The Loewenstein House exhibits many characteristics of midcentury modern design: a single-story, open floor plan that stretches out horizontally on the site; flat and low-sloped roofs; large expanses of windows; an informal relationship to the street; and connections from the inside spaces to the surrounding landscape. In spite of the abundance of floor-to-ceiling windows, the house offers privacy—a wood fence and shrubs screen the entry and major portions from view.
The site design includes elements of the picturesque that complement the house’s clear modernist influence. A curved driveway and walkway leads to the carport and entry. Inside the house, the focus is turned outside by means of large, south-facing slanted windows in the living room. The yard adjacent to the house serves as a sculpture garden set among a stand of old-growth shade trees. Large ceilings and a curved stone wall connect to the residence’s outdoor living spaces and natural surroundings. Loewenstein’s dedication to nature can be seen in the way he handles the openings in the house. The walls of windows, some canted, are placed in a way that brings sunlight in while keeping the heat of the summer sun out. Additionally, the open floor plan, exposed roof beams, and unusual geometry illustrate Loewenstein’s modernist training. One of the unusual features of the house is the fireplace: rather than a traditional chimney, which would have blocked the view and obstructed the light, Loewenstein attached a motor to an underground duct to pull smoke from the house.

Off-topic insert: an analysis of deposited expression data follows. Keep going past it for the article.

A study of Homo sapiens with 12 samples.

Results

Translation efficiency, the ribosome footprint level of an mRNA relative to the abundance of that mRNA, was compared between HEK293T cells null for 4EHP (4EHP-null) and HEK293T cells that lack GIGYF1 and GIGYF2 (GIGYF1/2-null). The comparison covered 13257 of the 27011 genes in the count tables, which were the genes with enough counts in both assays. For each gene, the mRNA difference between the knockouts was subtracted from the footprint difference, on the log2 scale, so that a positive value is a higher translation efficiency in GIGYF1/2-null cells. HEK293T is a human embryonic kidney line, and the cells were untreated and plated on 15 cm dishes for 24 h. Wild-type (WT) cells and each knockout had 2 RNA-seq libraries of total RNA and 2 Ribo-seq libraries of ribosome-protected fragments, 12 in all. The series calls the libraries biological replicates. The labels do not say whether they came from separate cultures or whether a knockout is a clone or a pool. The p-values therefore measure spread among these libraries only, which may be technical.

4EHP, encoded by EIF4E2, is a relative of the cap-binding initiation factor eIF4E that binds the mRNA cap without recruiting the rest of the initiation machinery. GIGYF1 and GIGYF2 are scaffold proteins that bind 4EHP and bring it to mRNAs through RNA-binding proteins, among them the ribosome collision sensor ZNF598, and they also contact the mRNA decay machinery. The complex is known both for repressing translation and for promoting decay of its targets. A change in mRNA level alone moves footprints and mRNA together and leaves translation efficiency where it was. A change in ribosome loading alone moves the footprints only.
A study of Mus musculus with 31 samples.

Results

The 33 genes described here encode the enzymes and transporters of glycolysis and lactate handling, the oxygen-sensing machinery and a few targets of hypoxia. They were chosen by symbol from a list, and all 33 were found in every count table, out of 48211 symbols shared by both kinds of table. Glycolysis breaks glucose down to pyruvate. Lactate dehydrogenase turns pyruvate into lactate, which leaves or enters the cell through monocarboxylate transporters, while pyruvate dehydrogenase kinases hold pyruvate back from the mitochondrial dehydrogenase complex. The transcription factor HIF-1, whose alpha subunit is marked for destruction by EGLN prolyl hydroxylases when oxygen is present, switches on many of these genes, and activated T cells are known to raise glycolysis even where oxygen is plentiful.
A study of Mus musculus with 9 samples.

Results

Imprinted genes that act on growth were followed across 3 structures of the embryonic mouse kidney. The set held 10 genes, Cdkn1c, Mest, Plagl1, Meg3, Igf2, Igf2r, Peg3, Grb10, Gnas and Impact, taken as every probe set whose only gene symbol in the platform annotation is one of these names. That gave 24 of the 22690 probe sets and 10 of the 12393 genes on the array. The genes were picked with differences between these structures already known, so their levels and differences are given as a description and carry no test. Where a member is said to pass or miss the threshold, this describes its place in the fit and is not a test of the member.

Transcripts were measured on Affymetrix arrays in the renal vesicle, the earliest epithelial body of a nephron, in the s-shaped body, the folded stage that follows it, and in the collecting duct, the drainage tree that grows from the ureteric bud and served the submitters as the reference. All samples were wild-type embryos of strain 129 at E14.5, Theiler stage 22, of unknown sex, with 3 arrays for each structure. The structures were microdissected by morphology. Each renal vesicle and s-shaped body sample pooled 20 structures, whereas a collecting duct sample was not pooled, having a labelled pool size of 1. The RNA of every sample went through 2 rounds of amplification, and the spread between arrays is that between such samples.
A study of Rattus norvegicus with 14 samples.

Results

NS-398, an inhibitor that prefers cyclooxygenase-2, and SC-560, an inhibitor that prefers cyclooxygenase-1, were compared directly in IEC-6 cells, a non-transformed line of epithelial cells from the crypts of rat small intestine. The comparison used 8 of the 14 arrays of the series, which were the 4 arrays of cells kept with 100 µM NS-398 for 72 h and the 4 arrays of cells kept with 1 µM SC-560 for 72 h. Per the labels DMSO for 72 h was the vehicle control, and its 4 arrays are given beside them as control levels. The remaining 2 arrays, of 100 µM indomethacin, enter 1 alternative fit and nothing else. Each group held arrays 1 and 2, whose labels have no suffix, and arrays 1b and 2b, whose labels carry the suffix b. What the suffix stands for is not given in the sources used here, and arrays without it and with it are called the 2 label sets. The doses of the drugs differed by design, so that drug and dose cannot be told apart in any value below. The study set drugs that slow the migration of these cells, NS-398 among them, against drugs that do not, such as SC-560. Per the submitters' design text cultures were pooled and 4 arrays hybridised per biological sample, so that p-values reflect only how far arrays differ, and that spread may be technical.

Loewenstein became a significant figure in Greensboro not just for the infusion of modernism to the landscape of the city, but also because of his progressive ideas. Loewenstein taught at the University of North Carolina at Greensboro, then known as the Woman’s College of the University of North Carolina. A house designed by his class of twenty-three female interior design students in 1958 was profiled in McCalls magazine. This course for “college girls” was intended to “demonstrate actual planning, design, construction, and finishing of a home.” It was hailed as “a unique project … an educational first!” for a profession that was largely dominated by men. Loewenstein was familiar with pushing social norms. Loewenstein and Atkinson was the first white firm in Greensboro to hire African American architects and design professionals, among them William Streat (Loewenstein’s MIT classmate) and W. Edward Jenkins.
Today, the house is occupied by the architect’s daughter, Jane Loewenstein Levy. It is a private residence that is not open to the public.
Bisher, Catherine W. “Loewenstein and Atkinson.” North Carolina Architects and Builders. Accessed March 11, 2019. http://ncarchitects.lib.ncsu.edu/.
“Designed by 23 College Girls.” McCalls, November 1, 1958.
“Tracing an Architecturally Brazen Greensboro, 1944-1975.” Greensboro's Treasured Places. Accessed March 11, 2019. https://preservationgreensboro.org/.
Weaver, Laurie. “Heart and Soul Behind Edward Loewenstein’s Home.” Our State North Carolina. Accessed March 11, 2019. http://www.ourstate.com/.